I love that simple images can illustrate profound points and wish it was done more often. On that latest hump you could find bloggers like Santi Tafarella, Chris Schoen and current generation philosophers on consciousness like Thomas Nagel and pretty much all philosophers of morality. I wonder what they think is going to be different this time.
Edit: I may as well elaborate while I'm here. I wouldn't pay so much attention to Schoen were it not for the fact that he's essentially me multiplied by -1. Given the extent to which we've rolled back these anti-(or at least non-)naturalistic assumptions in the past century, especially as they pertain to mind, it is flabbergasting for me to read something like:
To the extent we have a "lust to be good" as Richard Dawkins likes to say, there is no problem. But we have other "lusts" as well, often in direct conflict with one another. The multiplicity of desire is the "is," and the fact that we can only act on a limited number is the "ought." Biology and "social conditioning" are not sufficient to resolve the difference.
.. to read this here, to read it now, in 2010, without an attendant iota of suspicion of the implied inference. Just like that, we flick about a colossal ontological bifurcation like it's a nickel in a high-school poker match.
Once we've gone so far as to grant that the lusts themselves are an is, it is necessary to recognize how, just by doing this much, we've effectively retired a generation of moral thought to the dustbin that similarly claimed Descartes and Malebranche after it was proved that animals could experience pain.
Does anyone think we are anywhere near finished filling the dustbin? Does Schoen appreciate, as Marion King Hubbert did, that you could use the rate of discovery to anticipate future discovery, and what the implications are for the current question?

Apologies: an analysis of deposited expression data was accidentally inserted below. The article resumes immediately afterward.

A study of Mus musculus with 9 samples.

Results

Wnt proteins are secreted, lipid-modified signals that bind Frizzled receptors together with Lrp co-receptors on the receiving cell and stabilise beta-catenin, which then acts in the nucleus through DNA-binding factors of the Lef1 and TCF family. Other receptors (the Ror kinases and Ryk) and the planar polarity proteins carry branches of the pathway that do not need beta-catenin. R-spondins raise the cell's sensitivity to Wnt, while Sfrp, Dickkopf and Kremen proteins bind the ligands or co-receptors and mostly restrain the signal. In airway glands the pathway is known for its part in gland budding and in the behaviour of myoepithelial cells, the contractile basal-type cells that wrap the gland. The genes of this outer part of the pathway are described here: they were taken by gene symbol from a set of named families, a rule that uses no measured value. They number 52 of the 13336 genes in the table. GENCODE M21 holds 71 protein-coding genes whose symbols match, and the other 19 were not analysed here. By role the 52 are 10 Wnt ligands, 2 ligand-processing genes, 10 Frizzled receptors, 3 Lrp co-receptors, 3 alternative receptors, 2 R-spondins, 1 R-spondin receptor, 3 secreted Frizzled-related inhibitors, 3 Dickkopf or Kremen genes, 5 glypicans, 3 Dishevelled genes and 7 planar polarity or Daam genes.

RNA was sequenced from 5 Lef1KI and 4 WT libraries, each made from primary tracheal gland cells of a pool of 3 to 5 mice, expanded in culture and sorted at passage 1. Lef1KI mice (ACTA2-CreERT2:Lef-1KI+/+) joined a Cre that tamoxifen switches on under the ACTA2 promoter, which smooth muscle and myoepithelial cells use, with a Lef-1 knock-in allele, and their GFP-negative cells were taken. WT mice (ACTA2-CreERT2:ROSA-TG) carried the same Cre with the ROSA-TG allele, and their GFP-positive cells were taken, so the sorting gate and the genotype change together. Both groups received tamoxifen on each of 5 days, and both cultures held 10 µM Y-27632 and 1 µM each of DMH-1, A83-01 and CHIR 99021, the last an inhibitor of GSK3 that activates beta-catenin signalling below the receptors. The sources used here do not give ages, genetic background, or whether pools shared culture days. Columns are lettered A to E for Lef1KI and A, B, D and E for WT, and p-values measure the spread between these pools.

We can't measure the force of desire in units, but we can circumscribe their correlates, and we can know we have better ground to stand on than is offered by the naturalistic fallacy fallacy (not a typo). Requiring that we postulate, all over again, an "ought" entity that we might ground some schema of lust-prioritization on it, rather than simply defining the schema in terms of the strength and harmony of those lusts, is an unmotivated requirement.
I suggest to at least the atheists among us, that this isn't the problem so many have held it up to be. At least here, there is no opportunity for chiding us unbelievers into deeper introspection. The is is the ought; we can only manufacture Moore's open question by begging it.
This conversation is really a proxy for the larger battle of whether a mechanistic, empirical outlook can found itself on the same third person perspective it strives to apply everywhere. On this question empiricism returns the most beautiful answer: not an absolute proof but ever-incrementing hints in the affirmative direction.